On June 7, 2013, FERC approved a Stipulation and Consent Agreement (“Settlement”) with Enerwise Global Technologies, Inc. (“Enerwise”) for violations of the PJM Interconnection, LLC(“PJM”) Open Access Transmission Tariff (“Tariff”) and the Commission’s Anti-Manipulation Rule 18 C.F.R. § 1c.2 (2012).  Enerwise committed these violations in connection with its activities as a Curtailment Service Provider (“CSP”) in PJM, and specifically, its demand response activities with one customer, the Maryland Stadium Authority (“MSA”).  MSA acted as a certified, guaranteed load drop (“GLD”) demand response customer in PJM’s Interruptible Load for Reliability (“ILR”) program (the ILR program was a demand response program in PJM that is no longer in existence).  Enerwise allegedly registered MSA as a GLD, despite operational problems with simultaneous operation of its generators, and directed MSA to increase its load prior to a PJM emergency event to inflate potential payments.  In the Settlement, Enerwise agreed to pay a $780,000 civil penalty, disgorge $20,726 plus interest in unjust profits, make $500,000 in certain technology improvements for PJM customers in the calendar year 2013, and make compliance reports on compliance efforts to FERC.

In November 2010, FERC’s Office of Enforcement (“Enforcement”) opened a preliminary non-public investigation of Enerwise after a referral from PJM based on “irregular electricity consumption activity” by MSA right before three PJM emergency events in the Baltimore Gas & Electric zone.  Specifically, witnesses told PJM that MSA turned on the lighting at the Camden Yards stadium on a day when the Baltimore Orioles were not playing a game, and immediately after PJM declared an emergency event.  In PJM, the ILR program paid participants who agreed to reduce load during certain zonal emergency events.  The ILR program also allowed CSPs like Enerwise to combine their customers’ demand response commitments by zone with PJM.  PJM paid CSPs a fixed annual capacity payment for their “zonal portfolio of ILR resources” by MW, which was then divided with the CSP’s individual customers.

In July 2012, FERC issued an order converting the preliminary, non-public investigation of Enerwise into a formal investigation.  During the formal investigation, Enforcement’s found that Enerwise registered MSA for the ILR program in violation of the PJM Tariff.  Specifically, the Tariff required CSPs to nominate ILR values for individual resources limited to the value “appropriate for the method by which the load reduction would be accomplished.”  According to the Settlement, MSA’s registration was based on operation of two backup generators and an ice storage facility; however, operational problems could cause the generators to trip off-line if operated simultaneously.  Enerwise proceeded to register MSA despite the knowledge that intended repairs to stop this operational problem had not been made or scheduled.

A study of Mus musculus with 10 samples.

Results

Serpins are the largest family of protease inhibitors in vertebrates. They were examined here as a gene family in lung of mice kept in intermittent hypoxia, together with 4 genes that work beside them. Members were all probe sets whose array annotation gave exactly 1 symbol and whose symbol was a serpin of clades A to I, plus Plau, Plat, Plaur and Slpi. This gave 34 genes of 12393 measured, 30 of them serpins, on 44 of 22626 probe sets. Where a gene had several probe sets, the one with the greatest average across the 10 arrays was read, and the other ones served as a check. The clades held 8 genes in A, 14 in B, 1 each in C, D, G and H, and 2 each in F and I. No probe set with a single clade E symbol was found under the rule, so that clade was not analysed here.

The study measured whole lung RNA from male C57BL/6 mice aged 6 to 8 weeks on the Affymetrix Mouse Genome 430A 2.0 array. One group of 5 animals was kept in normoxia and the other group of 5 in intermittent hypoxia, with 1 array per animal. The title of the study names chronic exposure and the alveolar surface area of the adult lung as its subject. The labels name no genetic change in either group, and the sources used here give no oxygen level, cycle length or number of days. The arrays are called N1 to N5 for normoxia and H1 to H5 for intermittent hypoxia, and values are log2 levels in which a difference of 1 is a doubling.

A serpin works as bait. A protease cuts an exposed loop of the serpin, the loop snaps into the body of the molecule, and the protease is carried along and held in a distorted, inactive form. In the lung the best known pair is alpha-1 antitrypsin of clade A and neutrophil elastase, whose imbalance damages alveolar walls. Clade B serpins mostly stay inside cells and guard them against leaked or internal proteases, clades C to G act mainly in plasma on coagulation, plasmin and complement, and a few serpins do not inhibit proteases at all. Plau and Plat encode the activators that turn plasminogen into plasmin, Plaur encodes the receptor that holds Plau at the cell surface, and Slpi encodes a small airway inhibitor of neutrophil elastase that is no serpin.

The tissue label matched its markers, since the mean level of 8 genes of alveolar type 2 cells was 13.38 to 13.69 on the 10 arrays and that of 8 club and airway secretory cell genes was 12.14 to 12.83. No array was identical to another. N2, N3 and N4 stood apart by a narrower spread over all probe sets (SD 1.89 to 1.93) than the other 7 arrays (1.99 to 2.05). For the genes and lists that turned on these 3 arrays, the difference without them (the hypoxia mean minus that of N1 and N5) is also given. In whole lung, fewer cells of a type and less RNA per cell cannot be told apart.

Enforcement also made a number of other findings regarding Enerwise’s activities:

  • Enerwise violated the Commission’s Anti-Manipulation Rule, as Enerwise knew or should have known that MSA could not reliably operate both generators simultaneously to provide demand response.
  • Enerwise violated the Anti-Manipulation Rule by registering MSA for a 4.6 MW load reduction and arranging for an engineer to assist MSA to temporarily operate its generators simultaneously for a PJM test event.
  • Enerwise instructed MSA to increase its load at Camden Yards before the PJM test event to show a larger load profile and therefore larger load reduction than had actually occurred.
  • Enerwise was paid for 1.8 MW of load reduction MSA could not have reliably provided.

In determining the appropriate civil penalty, Enforcement considered that the violations caused less than $200,000 in market harm, the violation lasted less than 250 days, Enerwise had no prior history of violations, and cooperated fully.  Enerwise, however, had no documented compliance program at the time of its violations, and senior management was involved in the violations.

A copy of the Settlement is available here.